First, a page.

Cindy B. Listor, UP Cebu Mass Comm student
TWO days ago, I was browsing through Facebook and saw a string of curses posted on my high school friend’s wall. For a moment I was stunned by the person’s audacity to show such idiocy. I realized later that it is frustrating to see people make fools of themselves online. Maybe if we all become aware of the consequences of what we say and do online, we would become better Internet users and persons.
This is why I felt grateful when I saw GMA’s “Think Before You Click” campaign.
The network’s aim, which is to make cyberspace safer for netizens, is gaining much popularity. The campaign urges Internet users to be more responsible in using social media by reminding them to think of the consequences of their actions before posting anything online.
Indeed, the power of social media entails a lot of personal responsibility.
Social networking has made its way into our list of daily activities. Twitter, Facebook, YouTube, Tumblr, are just some of the leading names in the world of social media. They have become today’s main sources of information—be it for entertainment, business, or educational purposes.
The easy access to social media sites through mobile phones and other handheld devices has made information exchange more dynamic than ever.
This new trend has changed the way people interact with each other. Stories are told, friendships are formed and background checks are done mostly through social networking sites like Facebook.
For students like me, Facebook and Twitter have become basic commodities for connecting with our friends and families. Even some of our classroom activities are posted on FB. Indeed, we live in a time where distance no longer matters—thanks to the Internet.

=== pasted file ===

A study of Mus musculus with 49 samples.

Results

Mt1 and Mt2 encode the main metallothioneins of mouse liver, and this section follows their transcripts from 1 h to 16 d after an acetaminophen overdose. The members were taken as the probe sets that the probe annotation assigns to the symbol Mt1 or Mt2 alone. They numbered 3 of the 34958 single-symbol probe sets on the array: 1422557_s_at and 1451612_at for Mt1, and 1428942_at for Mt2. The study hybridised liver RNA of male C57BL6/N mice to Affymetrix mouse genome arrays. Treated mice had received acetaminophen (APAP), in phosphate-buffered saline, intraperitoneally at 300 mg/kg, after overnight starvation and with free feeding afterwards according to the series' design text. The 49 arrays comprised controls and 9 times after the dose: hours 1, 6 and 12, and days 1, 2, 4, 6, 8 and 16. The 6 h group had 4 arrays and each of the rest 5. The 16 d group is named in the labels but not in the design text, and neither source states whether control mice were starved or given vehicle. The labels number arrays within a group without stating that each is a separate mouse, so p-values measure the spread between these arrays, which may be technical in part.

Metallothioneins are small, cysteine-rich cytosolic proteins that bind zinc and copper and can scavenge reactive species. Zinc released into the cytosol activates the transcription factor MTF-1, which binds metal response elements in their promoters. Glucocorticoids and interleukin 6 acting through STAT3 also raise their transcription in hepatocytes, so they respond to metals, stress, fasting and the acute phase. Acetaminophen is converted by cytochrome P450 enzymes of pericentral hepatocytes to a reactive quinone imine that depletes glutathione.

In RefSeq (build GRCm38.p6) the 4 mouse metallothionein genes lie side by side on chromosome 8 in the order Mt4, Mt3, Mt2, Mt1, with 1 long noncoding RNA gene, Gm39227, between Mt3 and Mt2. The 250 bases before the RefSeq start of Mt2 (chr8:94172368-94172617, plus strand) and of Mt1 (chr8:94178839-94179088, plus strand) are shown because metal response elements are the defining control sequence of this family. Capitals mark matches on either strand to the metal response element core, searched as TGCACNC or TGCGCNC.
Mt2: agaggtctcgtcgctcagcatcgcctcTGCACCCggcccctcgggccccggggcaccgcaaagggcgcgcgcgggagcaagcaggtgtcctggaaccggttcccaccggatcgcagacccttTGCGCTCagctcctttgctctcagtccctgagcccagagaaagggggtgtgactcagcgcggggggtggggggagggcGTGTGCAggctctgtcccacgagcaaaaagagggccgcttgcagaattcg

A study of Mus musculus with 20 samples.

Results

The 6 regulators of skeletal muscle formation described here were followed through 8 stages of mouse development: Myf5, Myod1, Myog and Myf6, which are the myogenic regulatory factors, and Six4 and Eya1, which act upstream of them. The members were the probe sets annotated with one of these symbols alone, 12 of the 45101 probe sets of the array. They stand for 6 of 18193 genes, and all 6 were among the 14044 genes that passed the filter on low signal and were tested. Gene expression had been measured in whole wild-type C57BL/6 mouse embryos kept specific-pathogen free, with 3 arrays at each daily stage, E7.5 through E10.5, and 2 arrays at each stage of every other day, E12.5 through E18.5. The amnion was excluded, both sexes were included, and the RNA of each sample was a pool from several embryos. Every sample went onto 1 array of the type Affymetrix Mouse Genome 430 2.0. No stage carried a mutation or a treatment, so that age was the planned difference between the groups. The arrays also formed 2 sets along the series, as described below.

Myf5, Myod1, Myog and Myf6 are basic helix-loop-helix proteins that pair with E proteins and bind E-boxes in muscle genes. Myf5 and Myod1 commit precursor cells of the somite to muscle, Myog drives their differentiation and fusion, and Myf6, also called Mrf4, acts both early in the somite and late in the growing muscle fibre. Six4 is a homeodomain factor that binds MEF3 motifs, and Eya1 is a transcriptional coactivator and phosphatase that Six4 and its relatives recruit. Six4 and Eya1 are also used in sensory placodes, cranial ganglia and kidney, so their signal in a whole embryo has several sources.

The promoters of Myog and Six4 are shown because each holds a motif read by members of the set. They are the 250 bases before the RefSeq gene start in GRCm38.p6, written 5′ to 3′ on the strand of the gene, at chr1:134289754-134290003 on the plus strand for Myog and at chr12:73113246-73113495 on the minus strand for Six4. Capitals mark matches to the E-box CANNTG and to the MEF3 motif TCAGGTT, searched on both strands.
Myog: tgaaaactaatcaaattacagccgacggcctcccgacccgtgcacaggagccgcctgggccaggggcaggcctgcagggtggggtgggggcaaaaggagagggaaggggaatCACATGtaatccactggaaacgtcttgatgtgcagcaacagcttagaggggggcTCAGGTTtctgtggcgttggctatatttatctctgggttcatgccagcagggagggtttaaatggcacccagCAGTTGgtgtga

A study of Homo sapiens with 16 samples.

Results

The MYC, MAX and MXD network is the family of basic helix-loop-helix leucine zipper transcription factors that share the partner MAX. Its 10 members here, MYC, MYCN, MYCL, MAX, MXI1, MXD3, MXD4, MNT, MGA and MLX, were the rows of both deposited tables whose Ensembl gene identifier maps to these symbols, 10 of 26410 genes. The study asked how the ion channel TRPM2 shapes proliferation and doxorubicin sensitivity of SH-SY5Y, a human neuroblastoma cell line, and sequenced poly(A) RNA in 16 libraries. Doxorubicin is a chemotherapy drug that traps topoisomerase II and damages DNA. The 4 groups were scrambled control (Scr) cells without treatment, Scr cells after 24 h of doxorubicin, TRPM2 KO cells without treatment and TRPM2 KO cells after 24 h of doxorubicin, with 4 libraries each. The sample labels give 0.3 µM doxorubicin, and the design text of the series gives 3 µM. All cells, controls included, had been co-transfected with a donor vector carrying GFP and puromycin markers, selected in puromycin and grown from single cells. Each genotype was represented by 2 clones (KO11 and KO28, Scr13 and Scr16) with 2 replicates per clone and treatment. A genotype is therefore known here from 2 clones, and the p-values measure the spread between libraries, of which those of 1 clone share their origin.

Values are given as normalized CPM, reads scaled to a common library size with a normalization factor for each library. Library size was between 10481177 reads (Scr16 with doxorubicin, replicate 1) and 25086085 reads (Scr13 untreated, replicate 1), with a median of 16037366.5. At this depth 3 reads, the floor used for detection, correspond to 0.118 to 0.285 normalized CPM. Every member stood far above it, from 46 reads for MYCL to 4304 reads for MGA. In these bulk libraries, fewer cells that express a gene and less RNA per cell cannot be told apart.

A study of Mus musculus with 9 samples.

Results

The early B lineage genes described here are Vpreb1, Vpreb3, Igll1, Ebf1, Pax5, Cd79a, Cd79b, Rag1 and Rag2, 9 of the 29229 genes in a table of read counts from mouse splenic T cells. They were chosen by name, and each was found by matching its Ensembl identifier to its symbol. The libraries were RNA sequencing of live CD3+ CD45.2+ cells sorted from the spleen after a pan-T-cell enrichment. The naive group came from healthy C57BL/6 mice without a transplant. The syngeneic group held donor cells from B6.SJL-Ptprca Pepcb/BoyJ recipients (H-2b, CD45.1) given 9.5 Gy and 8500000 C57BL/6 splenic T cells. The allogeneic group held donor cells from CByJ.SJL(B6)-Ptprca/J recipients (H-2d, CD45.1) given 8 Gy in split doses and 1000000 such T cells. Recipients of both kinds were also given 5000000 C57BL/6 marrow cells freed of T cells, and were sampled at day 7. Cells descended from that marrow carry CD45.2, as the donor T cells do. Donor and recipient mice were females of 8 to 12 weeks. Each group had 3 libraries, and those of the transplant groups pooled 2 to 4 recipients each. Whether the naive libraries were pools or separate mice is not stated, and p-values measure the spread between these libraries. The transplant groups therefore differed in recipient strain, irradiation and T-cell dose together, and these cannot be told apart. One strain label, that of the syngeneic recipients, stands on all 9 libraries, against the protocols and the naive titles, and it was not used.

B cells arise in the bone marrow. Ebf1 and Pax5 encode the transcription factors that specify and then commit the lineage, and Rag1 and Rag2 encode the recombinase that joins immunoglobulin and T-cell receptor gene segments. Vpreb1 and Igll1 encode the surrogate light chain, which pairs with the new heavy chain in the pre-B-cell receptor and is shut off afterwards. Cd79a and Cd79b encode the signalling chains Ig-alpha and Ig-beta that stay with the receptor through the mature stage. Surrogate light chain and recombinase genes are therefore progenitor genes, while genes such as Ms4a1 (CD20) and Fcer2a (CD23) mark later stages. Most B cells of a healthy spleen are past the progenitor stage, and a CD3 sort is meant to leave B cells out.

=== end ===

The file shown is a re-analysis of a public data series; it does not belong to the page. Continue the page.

But how do we know if too much information is being shared? When is enough enough?
I’ve seen several racy photos and curses posted online. I’ve heard stories about people getting fired from their jobs because of a stupid post against their bosses on social networking sites. I’ve read articles about artists filing libel suits against netizens for scandalous tweets and Facebook posts and I couldn’t help but wonder, what were they thinking? In April 2011, Stephanie Bon, a human resources assistant at Lloyds Banking Group in the UK was fired from her job for posting a sarcastic remark about their chief executive officer’s salary. Bon went on Facebook and posted, “LBG’s new CEO gets £4,000 an hour. I get £7. That’s fair.”
Expressing yourself in any way you want is a right. However, don’t forget that everything you say or do online can have a huge effect on another person’s life.
How many times have I been that reckless? Just last night on Facebook, I posted strong statements about an issue involving the UP Cebu Student Council and Spectrum Productions. Some people reacted negatively on my post. I wonder if that counts.
That’s the question I’ll be asking myself before I sleep tonight.
I hope people will start pondering the kind of messages they are about to share online. Responsibility is the key to a better world. Let’s start by being mindful of the consequences of our every action.
Tonight I will post a status on my Facebook wall about being responsible for the things people say and do. I may not have many friends online, but I’m sure anyone who’ll read it will instantly get the message: What you say is what you are. Think before you click.